The Queen was left “impressed” and “astonished” by a new gallery created in the loft space of Westminster Abbey.
A major exhibition area has been built where dusty relics were once stored, housing precious artefacts which reflect the building’s thousand-year history.
The Prince of Wales joined the Queen for a tour of the Queen’s Diamond Jubilee Galleries, set more than 16 metres above the abbey’s floor in its 13th century triforium, an arcade above the building’s chapels.
The Very Rev Dr John Hall, the Dean of Westminster, took the head of state on a guided tour of the exhibits, which included the realistic bust of Henry VII, modelled from the monarch’s death mask.
Other items on display included the 13th century Westminster Retable, believed to be England’s oldest altarpiece, which has fragments of its lavish decoration still in place and is thought to have been designed for the abbey’s high altar.
The dean said of the Queen’s visit: “Like other people who have been up there, she was very impressed I think, and quite surprised by the amount of space and by the particular things she was able to see.”
The new gallery is home to 300 treasures from the abbey’s collection, many on display for the first time, and it uses four themes to tell the story of the place of worship: building Westminster Abbey; worship and daily life; Westminster Abbey and the monarchy; and the abbey and national memory.
Visitors will reach the galleries, which open to the public on Monday, through a new tower, housing a staircase and a lift, the first major addition to the abbey church since 1745.
The project cost £22.9 million to build over the past three years, with funds raised by an appeal, which had Charles as patron, from private donors and trusts.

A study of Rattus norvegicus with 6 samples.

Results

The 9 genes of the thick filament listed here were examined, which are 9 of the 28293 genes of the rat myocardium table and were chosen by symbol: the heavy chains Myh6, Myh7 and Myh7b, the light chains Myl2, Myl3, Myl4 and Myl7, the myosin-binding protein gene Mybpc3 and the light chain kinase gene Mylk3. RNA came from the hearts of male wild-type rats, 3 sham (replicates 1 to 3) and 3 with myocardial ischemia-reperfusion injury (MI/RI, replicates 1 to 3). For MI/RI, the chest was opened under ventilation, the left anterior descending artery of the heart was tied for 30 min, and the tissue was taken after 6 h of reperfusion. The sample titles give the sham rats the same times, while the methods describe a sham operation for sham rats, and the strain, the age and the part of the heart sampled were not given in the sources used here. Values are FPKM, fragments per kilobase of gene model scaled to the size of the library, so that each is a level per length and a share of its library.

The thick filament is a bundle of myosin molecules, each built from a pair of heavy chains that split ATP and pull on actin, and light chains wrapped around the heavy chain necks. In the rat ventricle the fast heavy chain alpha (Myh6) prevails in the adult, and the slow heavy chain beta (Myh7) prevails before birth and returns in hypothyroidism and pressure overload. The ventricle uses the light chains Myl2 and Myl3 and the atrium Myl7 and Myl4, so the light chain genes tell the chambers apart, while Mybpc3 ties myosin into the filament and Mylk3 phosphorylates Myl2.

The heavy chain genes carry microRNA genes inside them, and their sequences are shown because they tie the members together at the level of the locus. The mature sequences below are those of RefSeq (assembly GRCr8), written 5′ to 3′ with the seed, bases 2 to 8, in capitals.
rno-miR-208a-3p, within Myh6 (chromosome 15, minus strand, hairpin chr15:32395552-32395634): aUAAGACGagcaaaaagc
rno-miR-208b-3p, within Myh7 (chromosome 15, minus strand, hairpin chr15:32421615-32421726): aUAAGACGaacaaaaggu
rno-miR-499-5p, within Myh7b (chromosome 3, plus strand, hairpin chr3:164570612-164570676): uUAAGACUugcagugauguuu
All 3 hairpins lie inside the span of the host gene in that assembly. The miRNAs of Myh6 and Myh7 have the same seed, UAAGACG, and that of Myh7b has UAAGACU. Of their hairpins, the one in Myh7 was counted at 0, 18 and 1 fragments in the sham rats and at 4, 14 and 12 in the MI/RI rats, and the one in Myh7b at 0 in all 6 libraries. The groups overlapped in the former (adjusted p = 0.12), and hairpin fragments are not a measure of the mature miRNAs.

Dr Hall added: “The space is beautiful, it’s extraordinary, the lift and the staircase is wonderful.”
Speaking about the Queen, he added: “She was generally very impressed and I think astonished by the amount of space, she enjoyed looking at the head of Henry VII.”
Commenting on a wax effigy of Elizabeth I which is placed close to a portrait of the Queen, the dean added: “She also enjoyed looking at Queen Elizabeth I looking at Queen Elizabeth II, at the end of the tour.
“She had seen earlier the Ralph Heimans portrait of her in the Diamond Jubilee year but she hadn’t seen it in that context.
“We have Queen Elizabeth I, her wax effigy is standing there in her own clothes looking at her successor, and I think that’s really rather charming.”
Before leaving the abbey, the Queen and prince met financial supporters of the new gallery space, chatting to the donors for around 20 minutes before the head of state unveiled a plaque to mark the attraction’s official opening.
The Queen also met celebrity gardener Alan Titchmarsh, who helped fundraise for a fountain in the abbey’s cloister commemorating the 300th anniversary of the birth of landscape gardener Capability Brown.
Titchmarsh pointed out the water feature for the Queen and prince and shared a joke with the royals before they left.